A reader writes in, asking:

“On the subject of social security, extremely belatedly I realized my ‘catchup’ strategy of max deferral to traditional 401(k), HSA, and sometimes traditional IRA impacts my social security benefits.

Have you looked at this at all, is there a strategy for deferrals that would take impact on social security into account? By this point the ship has sailed for us (I think), but maybe it’d be beneficial to others to keep this in mind or understand the trade offs.”

To back up a step, the effect this reader is asking about (i.e., contributions reducing your FICA tax and therefore potentially reducing your ultimate Social Security benefit) is specific to HSAs — and it only applies when contributing as a payroll deduction.

That is, contributions to a tax-deferred 401(k), contributions to a traditional IRA, and contributions made from a checking account to an HSA will all reduce your adjusted gross income (and therefore taxable income), but they do not reduce the amount that shows up in Box 3 of Form W-2 (“Social Security wages”). And they will not, therefore, reduce your ultimate Social Security benefit.

For contributions that you make to an HSA on a pre-FICA-tax basis (i.e., contributions made as payroll deductions, rather than money going from your checking account into an HSA), yes, they do reduce your Social Security wages for the year. And they will therefore reduce your ultimate Social Security benefit, unless a) the reduced amount of Social Security wages for the year is still above the limit ($160,200 for 2023) or b) you still have 35 other years of maximum taxable earnings.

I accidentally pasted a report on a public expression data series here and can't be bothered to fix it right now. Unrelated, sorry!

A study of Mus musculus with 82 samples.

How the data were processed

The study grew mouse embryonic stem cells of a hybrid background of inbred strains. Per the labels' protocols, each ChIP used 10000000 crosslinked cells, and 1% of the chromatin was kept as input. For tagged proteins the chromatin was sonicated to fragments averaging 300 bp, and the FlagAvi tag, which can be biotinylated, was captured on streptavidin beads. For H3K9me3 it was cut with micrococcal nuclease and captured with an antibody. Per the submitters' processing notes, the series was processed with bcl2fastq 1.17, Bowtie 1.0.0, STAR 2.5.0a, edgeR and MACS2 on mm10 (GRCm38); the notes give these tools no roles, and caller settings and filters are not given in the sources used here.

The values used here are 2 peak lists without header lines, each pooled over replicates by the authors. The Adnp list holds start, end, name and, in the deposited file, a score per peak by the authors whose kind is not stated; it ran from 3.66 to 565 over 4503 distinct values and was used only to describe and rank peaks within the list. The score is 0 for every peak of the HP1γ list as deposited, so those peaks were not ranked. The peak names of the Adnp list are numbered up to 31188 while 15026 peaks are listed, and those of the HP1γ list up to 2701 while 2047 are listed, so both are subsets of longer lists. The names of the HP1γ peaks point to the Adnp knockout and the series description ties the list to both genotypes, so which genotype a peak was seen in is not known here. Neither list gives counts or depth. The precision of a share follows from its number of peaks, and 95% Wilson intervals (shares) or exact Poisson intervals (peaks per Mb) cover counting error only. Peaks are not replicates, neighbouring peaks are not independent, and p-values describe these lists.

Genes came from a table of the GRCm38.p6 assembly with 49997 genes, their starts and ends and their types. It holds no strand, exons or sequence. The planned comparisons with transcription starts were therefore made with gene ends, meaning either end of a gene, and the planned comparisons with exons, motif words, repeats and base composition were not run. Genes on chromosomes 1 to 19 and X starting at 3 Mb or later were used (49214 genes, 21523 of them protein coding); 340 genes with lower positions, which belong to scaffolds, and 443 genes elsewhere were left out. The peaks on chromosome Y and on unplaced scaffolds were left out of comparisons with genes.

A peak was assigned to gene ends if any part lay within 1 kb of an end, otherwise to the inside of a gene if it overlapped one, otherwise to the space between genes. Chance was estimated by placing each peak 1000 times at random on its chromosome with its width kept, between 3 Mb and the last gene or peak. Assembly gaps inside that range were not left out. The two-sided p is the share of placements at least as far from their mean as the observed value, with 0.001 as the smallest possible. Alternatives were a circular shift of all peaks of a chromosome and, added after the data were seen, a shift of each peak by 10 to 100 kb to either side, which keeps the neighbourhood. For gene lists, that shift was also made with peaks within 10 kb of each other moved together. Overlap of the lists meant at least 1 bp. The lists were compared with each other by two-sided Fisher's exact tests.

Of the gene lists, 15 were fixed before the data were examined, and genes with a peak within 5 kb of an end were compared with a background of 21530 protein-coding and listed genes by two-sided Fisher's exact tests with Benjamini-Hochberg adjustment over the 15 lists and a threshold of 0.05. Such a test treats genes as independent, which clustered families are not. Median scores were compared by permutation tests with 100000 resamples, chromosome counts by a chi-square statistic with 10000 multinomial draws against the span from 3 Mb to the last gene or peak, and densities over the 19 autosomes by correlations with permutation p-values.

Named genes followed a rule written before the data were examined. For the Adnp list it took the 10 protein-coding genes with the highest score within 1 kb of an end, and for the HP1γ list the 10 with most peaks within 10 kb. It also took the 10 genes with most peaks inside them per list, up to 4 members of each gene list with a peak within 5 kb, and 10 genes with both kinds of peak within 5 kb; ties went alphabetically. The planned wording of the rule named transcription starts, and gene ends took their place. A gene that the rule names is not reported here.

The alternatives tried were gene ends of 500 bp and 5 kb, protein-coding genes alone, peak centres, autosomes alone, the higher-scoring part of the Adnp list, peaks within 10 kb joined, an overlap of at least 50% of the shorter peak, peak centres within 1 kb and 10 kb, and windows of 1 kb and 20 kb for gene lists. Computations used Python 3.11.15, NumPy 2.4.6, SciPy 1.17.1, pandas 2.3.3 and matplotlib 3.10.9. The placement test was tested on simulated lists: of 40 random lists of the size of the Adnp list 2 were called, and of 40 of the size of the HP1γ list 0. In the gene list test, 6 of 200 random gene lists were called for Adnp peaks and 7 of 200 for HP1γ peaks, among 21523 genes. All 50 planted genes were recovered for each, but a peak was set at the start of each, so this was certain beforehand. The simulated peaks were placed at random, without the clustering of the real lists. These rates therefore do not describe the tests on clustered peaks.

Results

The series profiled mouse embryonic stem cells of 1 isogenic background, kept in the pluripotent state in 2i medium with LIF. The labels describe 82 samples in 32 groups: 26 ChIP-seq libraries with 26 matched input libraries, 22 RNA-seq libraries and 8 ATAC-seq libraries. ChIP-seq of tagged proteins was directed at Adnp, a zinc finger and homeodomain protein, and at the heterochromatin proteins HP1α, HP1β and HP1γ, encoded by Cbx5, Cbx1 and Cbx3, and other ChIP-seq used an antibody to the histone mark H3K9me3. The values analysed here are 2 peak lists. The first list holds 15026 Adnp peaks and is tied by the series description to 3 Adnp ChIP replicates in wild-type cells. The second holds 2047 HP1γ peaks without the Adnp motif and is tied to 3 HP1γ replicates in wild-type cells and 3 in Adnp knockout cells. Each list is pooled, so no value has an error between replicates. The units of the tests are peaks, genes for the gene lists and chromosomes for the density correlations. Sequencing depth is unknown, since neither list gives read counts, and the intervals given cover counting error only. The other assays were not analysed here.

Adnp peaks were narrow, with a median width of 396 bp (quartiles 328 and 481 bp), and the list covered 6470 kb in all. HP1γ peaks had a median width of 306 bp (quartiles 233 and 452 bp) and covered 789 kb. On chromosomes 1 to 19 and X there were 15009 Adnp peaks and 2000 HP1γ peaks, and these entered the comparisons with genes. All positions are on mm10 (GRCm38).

Many people though (in particular, people with higher earnings histories) will actually find the net result to be positive. That is, the taxes saved are likely to be more valuable than the reduction in ultimate benefit. Specifically, that’s most likely to be true for anybody whose 35 highest years of (wage-inflation-adjusted) earnings will ultimately put them above the second “bend point” in the PIA formula. (In today’s dollars, that would require about $2.8 million in wage-inflation-adjusted earnings during those 35 years — an average of about $81,000 of earnings per year over 35 years, in today’s dollars.)

There is a bit more to it than that just earnings history though. For example, the greater the number of people who will receive a benefit on your work record, the more detrimental a smaller benefit would be. So, for example, somebody whose spouse did not work for pay and who has one or more adult disabled children would be more likely to find it advantageous to pay the additional Social Security tax, relative to another person with the same earnings history.